Suddenly, there’s no shortage of companies offering same-day delivery.
Last month, Google began testing a same-day delivery service in the Bay Area; EBay previewed plans to take its same-day delivery service into new cities, including Chicago and Dallas; and WalMart revealed that it’s considering what could be a profound new strategy, wherein store customers deliver packages to online buyers.
Startups are also getting into the act. In March, Deliv, a Palo Alto-based crowdsourcing startup, raised $1 million after completing Bay Area trials of its same-day delivery service; PostMates, which relies on underused couriers and bike messengers to deliver goods in under an hour, raised a fresh $5 million to expand outside of San Francisco and Seattle; and Shutl, a London-based startup that has already raised $8.7 million from investors, including UPS Strategic Enterprise Fund, announced plans to offer same-day delivery service in the U.S.
Some experts think the time is right to test consumers’ appetite for same-day service. Others warn of a hidden danger lurking behind these ventures that could test the fabric of society itself.
One major catalyst of the same-day push is the ease with which people can now coordinate through technology. “What’s driving this is the same thing that drove [car-service] Uber, where we also invested,” says Scott Banister, an angel backer who sold an antispam company, IronPort Systems, to Cisco for $830 million in 2007 and counts PostMates among his current investments. “[It’s] the availability of the smartphone as a new platform for mobile service workers. FedEx and UPS have had that type of equipment for a while, but now it’s broadly available.”
People have also grown more impatient. “Our online experience, where we expect people to appear right away, is now translating into other areas of our lives,” notes Marina Gorbis, executive director of the Palo Alto-based research group Institute for the Future. “We want immediate gratification. It’s just the reality of this world.”
No doubt Shutl executives would argue that she’s right. The three-year-old company, which typically delivers items for a cost to the buyer of less than $10, says it already handles roughly 30,000 orders every day in the U.K.
Still, not everyone agrees that there’s a problem needing to be solved – or enough money to be made trying.
Analyst Greg Sterling, who researches the mobile Internet, points to the massive failure of bubble era startups Webvan and Kozmo that tested same-day delivery, burning up roughly a billion dollars of investor capital in the process.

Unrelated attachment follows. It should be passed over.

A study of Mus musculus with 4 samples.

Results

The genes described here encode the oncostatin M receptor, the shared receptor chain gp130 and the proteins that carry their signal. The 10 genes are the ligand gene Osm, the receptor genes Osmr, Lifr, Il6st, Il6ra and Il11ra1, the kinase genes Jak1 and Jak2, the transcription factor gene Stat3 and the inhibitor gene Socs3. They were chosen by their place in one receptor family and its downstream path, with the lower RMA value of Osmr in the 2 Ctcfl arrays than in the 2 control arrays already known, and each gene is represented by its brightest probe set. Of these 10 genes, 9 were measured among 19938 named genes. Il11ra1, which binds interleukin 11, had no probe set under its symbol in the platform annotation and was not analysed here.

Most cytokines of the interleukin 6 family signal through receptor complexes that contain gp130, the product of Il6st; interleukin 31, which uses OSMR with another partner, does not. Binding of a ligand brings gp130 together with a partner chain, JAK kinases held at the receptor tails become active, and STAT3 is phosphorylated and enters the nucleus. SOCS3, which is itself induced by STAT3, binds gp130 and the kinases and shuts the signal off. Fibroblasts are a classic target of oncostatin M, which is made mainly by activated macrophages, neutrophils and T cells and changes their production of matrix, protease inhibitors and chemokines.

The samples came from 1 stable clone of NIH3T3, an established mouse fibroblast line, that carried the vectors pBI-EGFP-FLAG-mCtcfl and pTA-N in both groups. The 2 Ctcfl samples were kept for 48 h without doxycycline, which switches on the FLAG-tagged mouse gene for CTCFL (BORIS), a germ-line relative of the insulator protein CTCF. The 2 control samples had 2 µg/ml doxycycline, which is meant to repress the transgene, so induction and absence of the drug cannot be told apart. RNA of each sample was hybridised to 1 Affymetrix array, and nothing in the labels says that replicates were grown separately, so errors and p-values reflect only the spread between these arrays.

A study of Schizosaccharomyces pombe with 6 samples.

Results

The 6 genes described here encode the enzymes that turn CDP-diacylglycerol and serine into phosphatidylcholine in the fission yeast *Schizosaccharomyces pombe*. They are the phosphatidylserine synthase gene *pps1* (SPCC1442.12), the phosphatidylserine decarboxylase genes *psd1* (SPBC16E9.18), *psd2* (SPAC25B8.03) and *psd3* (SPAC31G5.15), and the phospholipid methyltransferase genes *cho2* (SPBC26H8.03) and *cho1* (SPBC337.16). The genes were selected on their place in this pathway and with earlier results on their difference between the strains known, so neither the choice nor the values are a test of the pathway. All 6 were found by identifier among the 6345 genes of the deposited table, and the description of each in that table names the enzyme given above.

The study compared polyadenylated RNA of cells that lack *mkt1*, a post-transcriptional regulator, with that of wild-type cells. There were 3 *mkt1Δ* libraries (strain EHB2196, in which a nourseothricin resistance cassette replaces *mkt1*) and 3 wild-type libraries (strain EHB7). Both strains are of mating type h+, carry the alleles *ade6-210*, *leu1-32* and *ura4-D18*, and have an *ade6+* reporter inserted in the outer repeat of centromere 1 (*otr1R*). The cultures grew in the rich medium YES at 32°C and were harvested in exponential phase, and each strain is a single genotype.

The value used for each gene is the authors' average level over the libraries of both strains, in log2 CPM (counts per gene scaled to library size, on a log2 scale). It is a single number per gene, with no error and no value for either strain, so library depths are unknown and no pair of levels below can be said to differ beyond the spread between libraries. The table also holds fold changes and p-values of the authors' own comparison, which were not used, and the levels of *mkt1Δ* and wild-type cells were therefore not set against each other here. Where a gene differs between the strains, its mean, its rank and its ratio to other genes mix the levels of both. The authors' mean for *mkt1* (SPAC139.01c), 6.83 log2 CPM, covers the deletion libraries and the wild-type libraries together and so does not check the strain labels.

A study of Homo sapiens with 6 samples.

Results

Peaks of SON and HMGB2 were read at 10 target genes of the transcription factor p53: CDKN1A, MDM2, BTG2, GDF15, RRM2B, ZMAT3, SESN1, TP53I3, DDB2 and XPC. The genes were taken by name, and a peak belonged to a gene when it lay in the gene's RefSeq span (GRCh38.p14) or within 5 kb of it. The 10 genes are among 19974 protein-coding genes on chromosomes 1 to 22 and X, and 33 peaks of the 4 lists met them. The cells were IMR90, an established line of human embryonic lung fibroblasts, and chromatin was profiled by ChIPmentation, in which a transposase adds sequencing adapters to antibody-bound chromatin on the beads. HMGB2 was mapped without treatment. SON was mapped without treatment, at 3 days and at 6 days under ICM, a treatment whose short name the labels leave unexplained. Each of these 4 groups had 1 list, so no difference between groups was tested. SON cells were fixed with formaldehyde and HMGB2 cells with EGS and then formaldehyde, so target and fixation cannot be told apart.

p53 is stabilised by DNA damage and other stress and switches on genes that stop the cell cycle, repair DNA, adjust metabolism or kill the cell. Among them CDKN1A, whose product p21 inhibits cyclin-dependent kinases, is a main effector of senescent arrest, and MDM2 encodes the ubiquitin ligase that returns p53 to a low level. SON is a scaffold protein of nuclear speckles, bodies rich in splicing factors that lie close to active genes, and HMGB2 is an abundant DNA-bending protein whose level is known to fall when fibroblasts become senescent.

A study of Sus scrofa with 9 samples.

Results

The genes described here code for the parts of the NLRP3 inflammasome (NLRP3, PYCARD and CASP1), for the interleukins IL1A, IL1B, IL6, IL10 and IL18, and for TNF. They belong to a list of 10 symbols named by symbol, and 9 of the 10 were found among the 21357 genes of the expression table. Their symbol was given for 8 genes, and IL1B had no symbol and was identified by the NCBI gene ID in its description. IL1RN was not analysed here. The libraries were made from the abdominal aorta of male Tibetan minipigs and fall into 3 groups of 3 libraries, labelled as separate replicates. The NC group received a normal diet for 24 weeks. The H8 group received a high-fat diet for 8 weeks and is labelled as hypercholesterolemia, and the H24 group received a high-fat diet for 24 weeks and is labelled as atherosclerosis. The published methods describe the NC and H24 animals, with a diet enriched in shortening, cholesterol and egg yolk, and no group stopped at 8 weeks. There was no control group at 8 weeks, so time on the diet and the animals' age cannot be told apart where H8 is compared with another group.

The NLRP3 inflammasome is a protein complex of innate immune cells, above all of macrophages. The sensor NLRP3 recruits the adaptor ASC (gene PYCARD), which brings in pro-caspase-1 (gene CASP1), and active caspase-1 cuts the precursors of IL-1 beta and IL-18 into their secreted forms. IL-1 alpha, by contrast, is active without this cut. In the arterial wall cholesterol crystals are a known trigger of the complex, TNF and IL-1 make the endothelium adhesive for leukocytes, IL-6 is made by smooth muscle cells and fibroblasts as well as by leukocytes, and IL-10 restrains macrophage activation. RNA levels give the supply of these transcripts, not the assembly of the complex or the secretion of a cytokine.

“You could say that [online grocer] Webvan failed because it invested too much in infrastructure and blew all its money on warehouses and distribution,” Sterling notes, but there are also “things that people will always want to touch and feel” before purchasing, he says. Meanwhile, Kozmo — which delivered goods ordered on the Internet to consumers in less than an hour — closed its doors after failing to produce enough profits, which Sterling expects will remain elusive today. “Ask anyone if they’d like same-day service, and they’ll say, ‘Sure, but how much does it cost?’”
(When over the holidays, Walmart offered shoppers a four-hour delivery window for a $10 fee or next-day delivery, consumers often picked next-day delivery.)
Sterling believes if a company can afford to differentiate its services – think eBay, Amazon, and Google — same-day delivery “makes sense as part of a value-added proposition.” If not, “You can probably forget about it.”
There may also be larger social issues associated with enlisting the underemployed to deliver products for a premium, says academic Cliff Nass, a professor of communication at Stanford who has long taught a class on human-computer interactions. He wonders, for example, if the “invisibility and interchangeability” of those doing other people’s bidding can “have negative effects on society. If we just sort of think of people as tools to meet our ends, that can be unhealthy.”
Nass also observes that companies’ focus on same-day delivery is “reflective of a broader trend of deemphasizing accuracy and quality,” noting that in almost every area of life, “speed over quality does have implications.”
It may sound a tad dramatic. But Nass isn’t alone in thinking the biggest threat in rushing things off to consumers is making mistakes that could ultimately alienate them.
In a blog post written Monday, Allen Weiner, a research vice president at Gartner Group, compared the same-day delivery visions of companies like Google and WalMart to “those tributary commerce businesses trends that are best left on the whiteboard.” He added: “Since delivery is the last quarter mile between a merchant and a customer in any commerce experience,” it’s best to “leave [the] logistics to the experts.”
For more information on the same-day delivery space, including what startups have attracted funding and from which sources, visit our subscriber only site, Thomson Reuters Private Markets.